Every year there are a handful of hitters, whether the young and talented or the formerly successful, that most people want to give up on. In 2013 we saw outfielders Hunter Pence and Shane Victorino have impressive seasons at the plate after mediocre 2012 campaigns.
Jacoby Ellsbury and Troy Tulowitzki returned to top form after spending most of 2012 on the DL. Marlon Byrd rebounded from a horrific 2012 year to post career-best numbers in 2013. The fortunate (or prescient) fantasy owner or General Manager reaped the benefits of seeing these hitters perform at a level much higher than expected.
Looking forward to 2014, who are some good candidates for a bounceback season?
Anthony Rizzo, the Chicago Cubs 24 year-old first baseman, saw his numbers decline from .285/.342/.463 for a 115 wRC+ to .233/.323/.419 for a 102 wRC+ in his first full season. Still, the big slugger managed to improve his walk rate from 7.3 percent to 11.0 percent.
He lowered his chase rate, and even though his strikeout rate crept up slightly to a still below-average 18.4 percent, his swinging strike rate dropped from 9.6 percent to 8.8 percent.
A major culprit in the lowered average was an in-play batting average of just .258, down from .310 the previous year. He does tend to get pull-happy, but this number should climb up to at least the .280 range.
A season of 30 home runs and a .270/.350/.500 line is a very realistic expectation, and it wouldn’t be surprising if the lefty swinger surpasses that projection.
After putting up a .293/.380/.573 line as a 21 year-old in 43 games in 2011, Brett Lawrie has lost some of his luster in the past two seasons. Over that time, he’s battled injuries and hit just .265/.320/.401 for a 97 wRC+ while missing almost 100 games.
Still just 24, Lawrie could bounce back in a big way in 2014. He has good contact skills, and struck out in just 15.4 percent of his plate appearances in 2013.
Upon returning from an ankle injury, Lawrie hit .283/.346/.417 in 281 second half plate appearances, while striking out just 11 percent of the time.
Provided that he can stay healthy, which is no guarantee given his all-out style of play, a batting line of .275/.340/.450 is a good baseline expectation, and more impressive numbers could be in order.
Ike Davis had a solid first two seasons in the major leagues and looked like the New York Mets first baseman of the future after he hit .271/.357/.460 for a 123 wRC+ with 26 home runs in 750 plate appearances.
However, he’s hit just .219/.315/.414 the last two years, and the Mets resorted to sending him to the minors for 21 games in 2013 after he hit .165/.255/.250 in the first half.
The Mets have explored trading Davis this offseason, though General Manger Sandy Alderson is reportedly asking for too much in return. It’s not absurd to believe that the Mets shouldn’t sell low on Davis.
He hit .289/.449/.505 in the second half of 2013, albeit in the small sample of 138 plate appearances.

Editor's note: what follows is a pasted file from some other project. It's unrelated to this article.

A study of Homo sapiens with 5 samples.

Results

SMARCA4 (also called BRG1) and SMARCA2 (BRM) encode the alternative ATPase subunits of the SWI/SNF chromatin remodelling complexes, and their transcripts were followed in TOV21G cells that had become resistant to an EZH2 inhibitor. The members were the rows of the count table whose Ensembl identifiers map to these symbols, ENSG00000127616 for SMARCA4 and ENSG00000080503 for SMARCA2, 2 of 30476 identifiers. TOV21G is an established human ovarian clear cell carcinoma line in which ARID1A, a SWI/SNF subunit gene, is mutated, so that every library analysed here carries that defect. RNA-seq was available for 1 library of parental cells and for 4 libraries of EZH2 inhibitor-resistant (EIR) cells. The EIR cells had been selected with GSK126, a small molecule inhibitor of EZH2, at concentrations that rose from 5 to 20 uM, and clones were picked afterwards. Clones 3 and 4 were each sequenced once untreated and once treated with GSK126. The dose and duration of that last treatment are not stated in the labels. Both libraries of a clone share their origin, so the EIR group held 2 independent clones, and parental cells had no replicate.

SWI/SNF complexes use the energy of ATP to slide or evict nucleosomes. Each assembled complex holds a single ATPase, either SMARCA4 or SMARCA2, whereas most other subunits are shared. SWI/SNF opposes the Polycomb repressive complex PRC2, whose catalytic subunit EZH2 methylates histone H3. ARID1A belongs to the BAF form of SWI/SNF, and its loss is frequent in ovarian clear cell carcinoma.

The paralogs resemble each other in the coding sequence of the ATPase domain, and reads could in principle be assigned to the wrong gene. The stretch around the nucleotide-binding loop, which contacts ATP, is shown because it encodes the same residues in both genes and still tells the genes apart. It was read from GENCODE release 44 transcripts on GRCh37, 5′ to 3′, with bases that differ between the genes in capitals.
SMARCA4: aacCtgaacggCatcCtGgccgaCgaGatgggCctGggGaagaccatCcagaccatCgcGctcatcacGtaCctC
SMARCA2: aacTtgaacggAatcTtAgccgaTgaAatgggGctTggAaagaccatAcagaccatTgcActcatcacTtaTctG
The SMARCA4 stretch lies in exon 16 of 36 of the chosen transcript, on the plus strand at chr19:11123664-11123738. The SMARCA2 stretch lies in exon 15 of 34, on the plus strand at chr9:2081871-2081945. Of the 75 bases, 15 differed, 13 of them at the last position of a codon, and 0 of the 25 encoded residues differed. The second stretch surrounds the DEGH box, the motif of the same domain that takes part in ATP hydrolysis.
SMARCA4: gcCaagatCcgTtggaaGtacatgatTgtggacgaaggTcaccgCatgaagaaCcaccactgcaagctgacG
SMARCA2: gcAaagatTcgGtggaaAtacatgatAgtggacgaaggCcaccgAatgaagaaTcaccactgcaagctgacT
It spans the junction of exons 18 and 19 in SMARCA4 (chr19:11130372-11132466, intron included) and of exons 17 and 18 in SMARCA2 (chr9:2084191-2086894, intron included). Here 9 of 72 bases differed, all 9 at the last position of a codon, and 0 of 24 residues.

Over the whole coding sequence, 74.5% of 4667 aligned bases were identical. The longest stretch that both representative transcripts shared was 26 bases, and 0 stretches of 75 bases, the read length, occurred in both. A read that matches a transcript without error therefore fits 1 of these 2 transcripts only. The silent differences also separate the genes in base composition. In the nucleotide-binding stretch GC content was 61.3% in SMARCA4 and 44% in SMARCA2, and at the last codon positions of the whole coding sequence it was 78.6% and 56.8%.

Davis, who is not yet 27, is unlikely to hit for a high batting average due to his propensity to strike out, but he has 25-30 home run power, and a career walk rate of 12.1 percent.
If he’s figured out the issues with his swing, a breakout season, or even just a return to his 2010-11 numbers is not out of the question, though it may be for a team other than the Mets.
Eric Hosmer isn’t so much a bounceback candidate as a potential breakout hitter. He improved significantly on a dismal 2012 season that saw him hit .232/.304/.359 for a 79 wRC+. The Kansas City Royals first baseman hit .302/.353/.448 for a 119 wRC+ in 2013.
Still, most fans would like to see the former third overall pick do more than that.
Like Rizzo, he has good contact skills, and has a career strikeout rate of just 15 percent. Though he hit only 17 home runs in 2013 with a very modest .146 ISO, his average home run distance was a healthy 418 feet.
While his home park isn’t conducive to hitting for power, the big lefty is just 24 years old, and the power tool often develops late. He’s shown flashes of his impressive raw power, including this 455 foot blast, and 2014 may be the year the former top ten prospect puts it all together.
Mark Trumbo had impressive counting stats in 2013, with 34 home runs and 100 RBI. However, his slash line dipped to .234/.294/.453, for a 106 wRC+, and he struck out a whopping 184 times. This type of player, the boom-or-bust hitter, tends to be very volatile.
Trumbo could be a good candidate for a Richie Sexson type season where he clubs 40-45 home runs and brings his batting average to a respectable .260 or .270. He doesn’t walk very often, so an on-base percentage over .325 is unlikely even with a bumped-up batting average. In addition, he has the advantage of moving to the hitter-friendly Chase Field, which could raise his already high HR/FB ratio.
Yoenis Cespedes, corner outfielder for the Oakland Athletics, could put together all his hitting tools in his third major league season. Battling through injuries he dropped to a .240/.294/.442 batting line in 2013 after a solid debut season. He has a lot of swing and miss in his game, but his raw power might be unrivaled.
Like Trumbo, there’s a lot of volatility due to his high strikeout rate, but a rate around 20 percent combined with an uptick in his in-play batting average and HR/FB ratio could bring him back to his 2012 form or beyond.
If his wrist and shoulder injuries are fully healed, a .280/.340/.520 season isn’t at all unrealistic.
Despite significant advancements in scouting and statistical analysis, baseball remains incredibly difficult to predict. Every year, a handful of hitters or pitchers come out of the blue to remind fans and personnel of this truth. Attempting to find players who will do so is part of what makes baseball at once both amazing and frustrating.